Since 1995 - Insightful commentary on the Georgia Bulldogs

Post Auburn and things we don’t like to talk about

Tuesday July 18, 2006

I’ve only skimmed the now-infamous New York Times story about alleged academic fraud at Auburn. I find it hard to get interested in off-the-field stories, and one of the favorite offseason pasttimes in the SEC is hoping that this year’s allegations against your rival(s) will finally nail them good. Still, the story leads to a few thoughts.

We put up with a certain amount of hypocrisy to support college sports. Schools across the board from Georgia to Stanford lower their admission standards for athletes. We admit guys and gals with triple-digit SAT scores alongside the cream of the academic crop and expect our athletics programs to graduate people at a rate equal to or greater than the rest of the student body.

In order to resolve that apparent incongruity, there is an entire academic support system beneath the surface whose job it is to keep student-athletes on track and, at the minimum, eligible. From coaches to adminstrative staff to academic professionals, most of these people do their jobs well, above-board, and they contribute to the education of those in their charge. But when this system fails, things can quickly become ugly.

Problems occur when the support systems we all know and accept get taken too far. Tutors are great. Having tutors allegedly write your papers isn’t great. All students can appeal and discuss grades, but few have an academic support team preparing and pleading their case before a professor or department. Grades get reconsidered all the time. Intimidation and outright grade fixing isn’t so hot. All schools have certain easy classes and professors, and students know how to seek them out. Special treatment for athletes in those classes or abuse such as that alleged at Auburn isn’t kosher.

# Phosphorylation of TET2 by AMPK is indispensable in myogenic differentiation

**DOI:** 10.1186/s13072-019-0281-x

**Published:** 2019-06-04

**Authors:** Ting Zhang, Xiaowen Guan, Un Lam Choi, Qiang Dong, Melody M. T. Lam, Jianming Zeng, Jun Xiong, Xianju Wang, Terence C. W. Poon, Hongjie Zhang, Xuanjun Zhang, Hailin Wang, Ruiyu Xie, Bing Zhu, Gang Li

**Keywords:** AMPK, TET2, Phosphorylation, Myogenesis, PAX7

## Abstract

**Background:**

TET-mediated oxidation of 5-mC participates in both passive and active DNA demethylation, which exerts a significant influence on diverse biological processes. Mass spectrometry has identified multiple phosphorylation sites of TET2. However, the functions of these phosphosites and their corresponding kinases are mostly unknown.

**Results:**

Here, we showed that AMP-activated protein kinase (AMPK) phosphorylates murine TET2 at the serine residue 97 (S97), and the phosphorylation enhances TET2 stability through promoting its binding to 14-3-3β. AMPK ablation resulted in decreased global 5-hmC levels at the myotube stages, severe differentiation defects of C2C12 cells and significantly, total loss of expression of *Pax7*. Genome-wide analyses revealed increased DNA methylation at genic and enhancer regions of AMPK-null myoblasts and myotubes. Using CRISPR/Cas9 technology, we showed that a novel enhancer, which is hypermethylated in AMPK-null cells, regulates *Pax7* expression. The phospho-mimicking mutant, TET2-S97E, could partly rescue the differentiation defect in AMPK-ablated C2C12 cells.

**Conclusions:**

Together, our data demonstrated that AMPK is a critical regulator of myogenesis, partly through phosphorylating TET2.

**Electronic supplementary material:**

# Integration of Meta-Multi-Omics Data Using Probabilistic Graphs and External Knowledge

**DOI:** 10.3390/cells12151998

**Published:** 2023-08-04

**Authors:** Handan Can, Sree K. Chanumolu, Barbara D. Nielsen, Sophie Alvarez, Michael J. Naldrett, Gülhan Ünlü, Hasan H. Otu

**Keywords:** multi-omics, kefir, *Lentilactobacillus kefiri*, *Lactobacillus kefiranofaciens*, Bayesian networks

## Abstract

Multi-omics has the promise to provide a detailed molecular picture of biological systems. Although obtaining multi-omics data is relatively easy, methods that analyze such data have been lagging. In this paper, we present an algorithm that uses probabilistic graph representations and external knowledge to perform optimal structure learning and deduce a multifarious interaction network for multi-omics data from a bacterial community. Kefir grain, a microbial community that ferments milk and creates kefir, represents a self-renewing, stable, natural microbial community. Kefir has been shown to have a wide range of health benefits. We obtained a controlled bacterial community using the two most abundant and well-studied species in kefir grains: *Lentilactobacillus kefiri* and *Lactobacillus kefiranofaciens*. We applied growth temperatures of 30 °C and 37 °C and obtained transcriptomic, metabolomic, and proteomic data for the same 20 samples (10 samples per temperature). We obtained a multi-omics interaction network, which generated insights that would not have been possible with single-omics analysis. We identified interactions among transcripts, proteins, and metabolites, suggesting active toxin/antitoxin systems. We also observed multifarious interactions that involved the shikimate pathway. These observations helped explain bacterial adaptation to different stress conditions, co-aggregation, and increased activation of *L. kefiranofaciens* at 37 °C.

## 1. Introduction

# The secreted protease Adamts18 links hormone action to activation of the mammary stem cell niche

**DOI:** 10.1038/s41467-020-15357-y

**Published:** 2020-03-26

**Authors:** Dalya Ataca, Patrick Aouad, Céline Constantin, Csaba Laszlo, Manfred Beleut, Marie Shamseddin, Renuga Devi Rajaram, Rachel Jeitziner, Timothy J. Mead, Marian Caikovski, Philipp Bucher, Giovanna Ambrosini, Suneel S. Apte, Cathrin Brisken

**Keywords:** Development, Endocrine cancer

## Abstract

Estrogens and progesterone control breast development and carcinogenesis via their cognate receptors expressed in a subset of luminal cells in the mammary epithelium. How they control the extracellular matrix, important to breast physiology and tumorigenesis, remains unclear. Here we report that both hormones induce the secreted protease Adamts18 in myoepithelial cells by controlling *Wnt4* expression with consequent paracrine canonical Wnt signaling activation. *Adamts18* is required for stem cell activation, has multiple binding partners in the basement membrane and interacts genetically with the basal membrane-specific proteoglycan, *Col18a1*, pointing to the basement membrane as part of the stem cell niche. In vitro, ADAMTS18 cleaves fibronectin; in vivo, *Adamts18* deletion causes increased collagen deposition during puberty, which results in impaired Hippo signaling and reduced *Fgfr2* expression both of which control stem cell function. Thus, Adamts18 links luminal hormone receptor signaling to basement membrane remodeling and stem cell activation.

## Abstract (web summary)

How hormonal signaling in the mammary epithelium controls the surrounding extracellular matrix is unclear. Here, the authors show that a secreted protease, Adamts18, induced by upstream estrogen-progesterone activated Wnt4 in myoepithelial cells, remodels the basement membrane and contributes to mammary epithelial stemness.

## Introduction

The pressures are intense, and the system gets bent very far at most every school with a major athletics program. It’s there, and it’s not something we like to talk about. We know that a disproportionate amount of athletes have declared certain majors, and we joke about Underwater Basketweaving courses knowing that it’s not far from reality. We like a great steak, but we don’t want to see the inside of the slaughterhouse. We want top-level sports teams, and we don’t really care to see the messy details of how marginally qualified athletes remain eligible and graduate. When a Kemp or a Bensel-Myers or a Gundlach comes along and shows that a line has been crossed, we get exposed to a part of college sports that we realize is there and omnipresent but is still distasteful.

All that said, there are still some basic guidelines, and the "everybody does it" excuse can only be stretched so far, especially when used in a progression of rationalizations that usually goes a little something like this:

  1. We didn’t do it.
  2. You can’t prove we did it.
  3. Even if we did it, it’s not against the rules.
  4. Even if it’s against the rules, it’s not a big deal.
  5. Everyone does it.

You can’t help but laugh that this kind of behavior led to triumphant announcements about Auburn’s academic standing alongside schools like Duke and Boston College. But that’s what the APR rewards. Keep ’em eligible, keep ’em graduating. Remember basic principles – whatever gets rewarded gets done.